With 90% of Question Period being oppos. questions methinks @cselley & others doth protest a tad too much about the odd +ve shout out
It is indeed nice to say nice things about others. I’m sure Jim Flaherty appreciated it. Mr. O’Toole is obviously very considerate.
But this morning’s point about the purpose of Question Period still stands and so does last week’s question: Shouldn’t Erin O’Toole have something better to do? Shouldn’t his contribution to Question Period be something more than reciting his party’s talking points and saluting the greatness of the cabinet minister he is nominally questioning?
This practice of lobbing friendly queries is by no means new or unique to this government (see here, for example). But it’s ridiculous. And desperate for change. In fact, it was part of Michael Chong’s proposed QP reforms.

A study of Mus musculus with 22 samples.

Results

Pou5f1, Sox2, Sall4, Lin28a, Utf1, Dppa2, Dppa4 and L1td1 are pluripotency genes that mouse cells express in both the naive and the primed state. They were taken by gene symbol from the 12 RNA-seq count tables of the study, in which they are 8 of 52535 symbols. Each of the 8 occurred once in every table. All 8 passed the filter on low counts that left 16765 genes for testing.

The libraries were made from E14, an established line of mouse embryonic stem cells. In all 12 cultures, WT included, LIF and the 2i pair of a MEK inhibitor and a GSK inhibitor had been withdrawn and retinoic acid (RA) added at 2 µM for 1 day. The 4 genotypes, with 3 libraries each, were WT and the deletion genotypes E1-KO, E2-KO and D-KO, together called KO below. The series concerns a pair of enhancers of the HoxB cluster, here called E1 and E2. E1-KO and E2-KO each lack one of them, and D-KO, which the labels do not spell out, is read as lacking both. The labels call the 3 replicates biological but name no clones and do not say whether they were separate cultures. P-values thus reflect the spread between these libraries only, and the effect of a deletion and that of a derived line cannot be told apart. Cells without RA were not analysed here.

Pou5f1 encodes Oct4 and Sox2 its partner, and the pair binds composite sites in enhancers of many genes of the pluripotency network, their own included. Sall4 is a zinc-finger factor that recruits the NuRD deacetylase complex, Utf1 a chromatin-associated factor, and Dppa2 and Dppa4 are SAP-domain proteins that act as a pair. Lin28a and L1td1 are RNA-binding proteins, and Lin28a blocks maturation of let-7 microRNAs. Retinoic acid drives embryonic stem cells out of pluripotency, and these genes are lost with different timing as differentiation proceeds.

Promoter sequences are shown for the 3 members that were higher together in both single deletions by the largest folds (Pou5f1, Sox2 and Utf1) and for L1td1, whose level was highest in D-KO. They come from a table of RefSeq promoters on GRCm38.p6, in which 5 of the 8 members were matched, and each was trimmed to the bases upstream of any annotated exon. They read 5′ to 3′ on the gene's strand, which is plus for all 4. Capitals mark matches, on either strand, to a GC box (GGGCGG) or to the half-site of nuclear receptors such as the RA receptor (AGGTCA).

The real problem with Question Period is that members of Parliament have been stripped of the right to ask questions of the government, with the result that members are no longer true participants in Question Period, but mere spectators. Rather than being attentive and potential participants posing questions, many behave as any spectator would, cheering or jeering for their side and against the other.
Until the 1980s, members had the right to rise in the House, catch the eye of the Speaker and ask questions of the government, questions that were driven by the concerns they heard from their constituents the previous weekend when they returned home to their ridings.
The changes that stripped members of the right to spontaneously rise, catch the eye of the Speaker to ask a question were introduced by Jeanne Sauvé. Every day, each party submits their list of approved questioners to the Speaker. The Speaker recognizes only those on the list.
Mr. Chong proposed allotting half of the questions asked each day to backbenchers.